Nutrient-Rich Oat Protein Powder for Baked Goods, Snacks and Spreads
MINNEAPOLIS–(BUSINESS WIRE)–#OatGold—SunOpta (Nasdaq:STKL) (TSX:SOY), a U.S.-based, global pioneer fueling the future of sustainable, plant-based and fruit-based food and beverages, today introduced OatGold™, a nutrient-rich oat protein powder for use in baked goods, savory snacks, dips and spreads. OatGold is now Upcycled Certified™ — the world’s only third-party certification program for upcycled food ingredients and products — in accordance with the rigorous standards from the Upcycled Food Association, a nonprofit focused on preventing food waste by accelerating the upcycled economy.
“We divert insoluble solids from the oatbase manufacturing process to create a reimagined ingredient that is nutrient-dense and delicious,” said Lauren McNamara, Vice President and Assistant General Manager, SunOpta. “Upcycling is elevating all food to its highest and best use by transforming surplus ingredients into new, high-quality products like OatGold. It’s a quintessential example of the combined power of innovation and sustainability at SunOpta.”
OatGold is a completely upcycled smooth powder ingredient made using insoluble solids from SunOpta’s proprietary enzymatic extraction process used to produce oatbase, the primary ingredient in oatmilk. With three times the protein of oat flour and rich in fiber, OatGold can be used in a wide range of product applications. In addition to being Upcycled Certified, the product has a neutral taste, is ready-to-eat, vegan, Non-GMO Project Verified, kosher and certified gluten free. OatGold is also allergen-friendly and does not contain any of the U.S. major food allergens.
Upcycling is a zero-waste philosophy dedicated to creatively using byproducts and their precious nutrients from agriculture and food manufacturing, unlocking their highest value and improving the way resources are valued. Upcycled foods use ingredients that otherwise would not have gone to human consumption, are procured and produced using verifiable supply chains, and have a positive impact on the environment, according to an official definition co-authored by Harvard Law School, Drexel University, World Wildlife Fund (WWF), Natural Resources Defense Council (NRDC), ReFED, and other experts.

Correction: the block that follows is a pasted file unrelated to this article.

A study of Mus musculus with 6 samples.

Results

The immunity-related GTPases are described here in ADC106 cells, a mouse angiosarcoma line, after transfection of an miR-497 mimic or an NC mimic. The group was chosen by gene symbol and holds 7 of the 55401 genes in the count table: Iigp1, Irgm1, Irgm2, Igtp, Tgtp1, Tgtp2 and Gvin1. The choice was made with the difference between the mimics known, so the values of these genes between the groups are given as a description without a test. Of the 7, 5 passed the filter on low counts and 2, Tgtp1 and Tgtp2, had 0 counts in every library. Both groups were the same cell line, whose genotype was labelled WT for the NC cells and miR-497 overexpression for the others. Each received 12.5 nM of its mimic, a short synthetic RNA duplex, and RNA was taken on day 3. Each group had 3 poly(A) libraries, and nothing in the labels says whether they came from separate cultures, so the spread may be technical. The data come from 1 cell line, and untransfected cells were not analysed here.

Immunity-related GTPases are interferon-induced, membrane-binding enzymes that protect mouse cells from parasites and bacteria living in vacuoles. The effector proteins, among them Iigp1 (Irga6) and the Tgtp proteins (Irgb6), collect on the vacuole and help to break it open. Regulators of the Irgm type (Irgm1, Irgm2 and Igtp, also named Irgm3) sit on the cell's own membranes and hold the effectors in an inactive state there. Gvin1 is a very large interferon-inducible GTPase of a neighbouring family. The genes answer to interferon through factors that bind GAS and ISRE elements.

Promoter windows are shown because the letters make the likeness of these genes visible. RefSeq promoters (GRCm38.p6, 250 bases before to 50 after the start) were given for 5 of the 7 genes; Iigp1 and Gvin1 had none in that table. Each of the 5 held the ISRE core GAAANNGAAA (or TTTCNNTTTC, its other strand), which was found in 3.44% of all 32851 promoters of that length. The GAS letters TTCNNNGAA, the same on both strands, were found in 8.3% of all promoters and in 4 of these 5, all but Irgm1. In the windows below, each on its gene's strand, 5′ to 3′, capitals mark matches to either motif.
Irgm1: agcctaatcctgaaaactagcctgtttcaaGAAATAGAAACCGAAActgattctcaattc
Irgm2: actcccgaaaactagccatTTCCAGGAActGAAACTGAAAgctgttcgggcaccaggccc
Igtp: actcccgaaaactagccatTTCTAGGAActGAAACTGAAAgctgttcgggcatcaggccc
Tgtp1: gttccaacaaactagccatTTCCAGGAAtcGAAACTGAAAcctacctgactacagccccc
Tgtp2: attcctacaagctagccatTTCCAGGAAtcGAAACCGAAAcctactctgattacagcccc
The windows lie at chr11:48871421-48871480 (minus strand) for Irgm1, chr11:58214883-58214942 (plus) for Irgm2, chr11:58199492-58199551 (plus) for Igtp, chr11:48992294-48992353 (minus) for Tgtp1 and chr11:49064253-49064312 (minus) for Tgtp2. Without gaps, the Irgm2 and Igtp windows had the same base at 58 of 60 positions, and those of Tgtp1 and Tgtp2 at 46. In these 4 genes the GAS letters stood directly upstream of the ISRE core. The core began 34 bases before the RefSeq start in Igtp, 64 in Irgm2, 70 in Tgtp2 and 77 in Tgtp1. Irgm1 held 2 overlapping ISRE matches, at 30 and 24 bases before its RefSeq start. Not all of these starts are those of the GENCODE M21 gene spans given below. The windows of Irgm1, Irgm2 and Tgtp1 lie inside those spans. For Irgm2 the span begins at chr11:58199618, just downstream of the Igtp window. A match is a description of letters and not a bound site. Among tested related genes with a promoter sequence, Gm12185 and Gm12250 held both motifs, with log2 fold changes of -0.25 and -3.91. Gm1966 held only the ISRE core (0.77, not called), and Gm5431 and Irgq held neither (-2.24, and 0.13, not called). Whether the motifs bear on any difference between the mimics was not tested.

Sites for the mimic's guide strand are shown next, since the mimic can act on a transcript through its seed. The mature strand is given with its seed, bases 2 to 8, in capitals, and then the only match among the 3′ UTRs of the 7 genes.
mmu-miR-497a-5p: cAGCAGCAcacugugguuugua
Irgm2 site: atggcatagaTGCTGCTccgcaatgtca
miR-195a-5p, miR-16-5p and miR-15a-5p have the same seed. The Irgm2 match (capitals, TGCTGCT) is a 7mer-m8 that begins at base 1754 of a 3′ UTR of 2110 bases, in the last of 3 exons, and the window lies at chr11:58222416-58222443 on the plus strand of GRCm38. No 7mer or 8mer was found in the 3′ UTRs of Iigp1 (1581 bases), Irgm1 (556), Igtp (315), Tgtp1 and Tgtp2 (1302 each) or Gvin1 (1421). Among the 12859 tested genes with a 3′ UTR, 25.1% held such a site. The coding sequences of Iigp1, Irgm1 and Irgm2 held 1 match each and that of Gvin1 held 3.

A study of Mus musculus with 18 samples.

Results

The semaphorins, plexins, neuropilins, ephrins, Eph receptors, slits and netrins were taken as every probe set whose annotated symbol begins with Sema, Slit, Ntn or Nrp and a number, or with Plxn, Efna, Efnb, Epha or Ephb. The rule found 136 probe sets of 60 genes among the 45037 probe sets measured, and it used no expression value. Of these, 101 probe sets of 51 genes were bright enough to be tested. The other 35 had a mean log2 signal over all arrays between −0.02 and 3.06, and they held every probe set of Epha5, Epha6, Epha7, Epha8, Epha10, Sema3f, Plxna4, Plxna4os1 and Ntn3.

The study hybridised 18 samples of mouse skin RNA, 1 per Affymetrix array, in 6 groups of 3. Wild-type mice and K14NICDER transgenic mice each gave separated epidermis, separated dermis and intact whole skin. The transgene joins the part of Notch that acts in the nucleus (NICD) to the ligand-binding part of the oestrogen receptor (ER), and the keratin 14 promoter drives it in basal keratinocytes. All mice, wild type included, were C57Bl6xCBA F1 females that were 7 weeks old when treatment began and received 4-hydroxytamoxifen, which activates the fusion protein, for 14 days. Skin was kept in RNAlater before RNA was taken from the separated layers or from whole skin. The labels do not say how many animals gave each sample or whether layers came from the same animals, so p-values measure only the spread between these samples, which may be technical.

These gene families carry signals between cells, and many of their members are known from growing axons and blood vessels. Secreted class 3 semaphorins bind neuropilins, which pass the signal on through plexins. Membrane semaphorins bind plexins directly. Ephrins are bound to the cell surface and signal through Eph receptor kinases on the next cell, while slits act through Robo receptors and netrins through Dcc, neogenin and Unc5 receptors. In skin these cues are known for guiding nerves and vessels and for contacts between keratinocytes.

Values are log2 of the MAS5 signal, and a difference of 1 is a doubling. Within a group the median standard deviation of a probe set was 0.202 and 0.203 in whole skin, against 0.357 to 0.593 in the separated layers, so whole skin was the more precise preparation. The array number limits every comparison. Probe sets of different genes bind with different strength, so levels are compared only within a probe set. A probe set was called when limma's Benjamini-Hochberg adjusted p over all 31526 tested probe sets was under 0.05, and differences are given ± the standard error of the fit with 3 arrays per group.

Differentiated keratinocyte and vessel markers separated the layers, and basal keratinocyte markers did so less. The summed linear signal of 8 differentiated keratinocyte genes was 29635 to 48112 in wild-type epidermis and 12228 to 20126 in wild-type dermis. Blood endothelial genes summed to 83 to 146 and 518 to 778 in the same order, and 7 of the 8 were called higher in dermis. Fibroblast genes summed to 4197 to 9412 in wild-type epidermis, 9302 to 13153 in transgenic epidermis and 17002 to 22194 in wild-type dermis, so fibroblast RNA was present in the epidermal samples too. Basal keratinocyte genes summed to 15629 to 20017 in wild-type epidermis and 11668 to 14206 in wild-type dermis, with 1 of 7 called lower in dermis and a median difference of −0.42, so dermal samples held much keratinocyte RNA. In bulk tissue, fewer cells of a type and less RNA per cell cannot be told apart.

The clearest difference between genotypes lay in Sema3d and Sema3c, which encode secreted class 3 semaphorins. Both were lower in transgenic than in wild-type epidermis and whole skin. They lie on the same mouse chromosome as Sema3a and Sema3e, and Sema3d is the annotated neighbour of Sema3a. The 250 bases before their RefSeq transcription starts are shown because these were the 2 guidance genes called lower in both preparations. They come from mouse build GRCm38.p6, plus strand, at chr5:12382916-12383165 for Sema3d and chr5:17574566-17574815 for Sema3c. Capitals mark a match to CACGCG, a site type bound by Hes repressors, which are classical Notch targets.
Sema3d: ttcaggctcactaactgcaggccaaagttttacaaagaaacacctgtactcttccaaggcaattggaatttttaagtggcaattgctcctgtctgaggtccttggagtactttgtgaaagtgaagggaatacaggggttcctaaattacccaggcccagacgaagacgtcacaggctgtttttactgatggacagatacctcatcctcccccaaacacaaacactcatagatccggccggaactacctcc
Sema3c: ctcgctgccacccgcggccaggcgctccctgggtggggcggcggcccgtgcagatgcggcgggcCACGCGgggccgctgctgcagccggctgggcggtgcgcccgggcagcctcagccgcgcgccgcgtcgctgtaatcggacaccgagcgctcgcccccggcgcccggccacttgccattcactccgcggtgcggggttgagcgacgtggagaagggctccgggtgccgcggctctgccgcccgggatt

“Upcycling food is about diverting byproducts and reducing food waste, by creating high quality, nutritious food products and ingredients like OatGold out of the nutrients that slip through the cracks of our food system,” said Upcycled Food Association CEO and Cofounder Turner Wyatt. “It’s the single-most effective thing people can do to address climate change, by using all of what we have.”
SunOpta is one of the largest producers of plant-based foods and beverages in the world, producing and packaging oatmilk and other plant-based beverages for some of the largest brands and retailers in the industry. In less than five years, SunOpta plans to double its plant-based business with the support of its plant-based production facilities. Oat-related production has grown 100% at SunOpta in just the last year, and SunOpta is continuing to expand oatbase production with the potential to grow its oat business by 50% in 2022.
SunOpta will be showcasing OatGold, among other products, at booth #770 at Natural Products Expo West in Anaheim, Calif. from March 10 to 12. OatGold is available to order wholesale in 50-pound bags in both conventional and organic formats. For more information about pricing and distribution of OatGold, contact Matt.Schultz@SunOpta.com.
About SunOpta Inc
SunOpta Inc. is a leading company focused on the development and manufacture of plant-based and fruit-based food and beverage products.
Upcycled Food Association is a nonprofit focused on preventing food waste by accelerating the upcycled economy. With hundreds of Members across dozens of countries, UFA is changing the consumer product supply chain to eliminate food waste by design. Through consumer education and networking, UFA is empowering consumers to prevent food waste with the products they buy. To learn more, visit www.upcycledfood.org.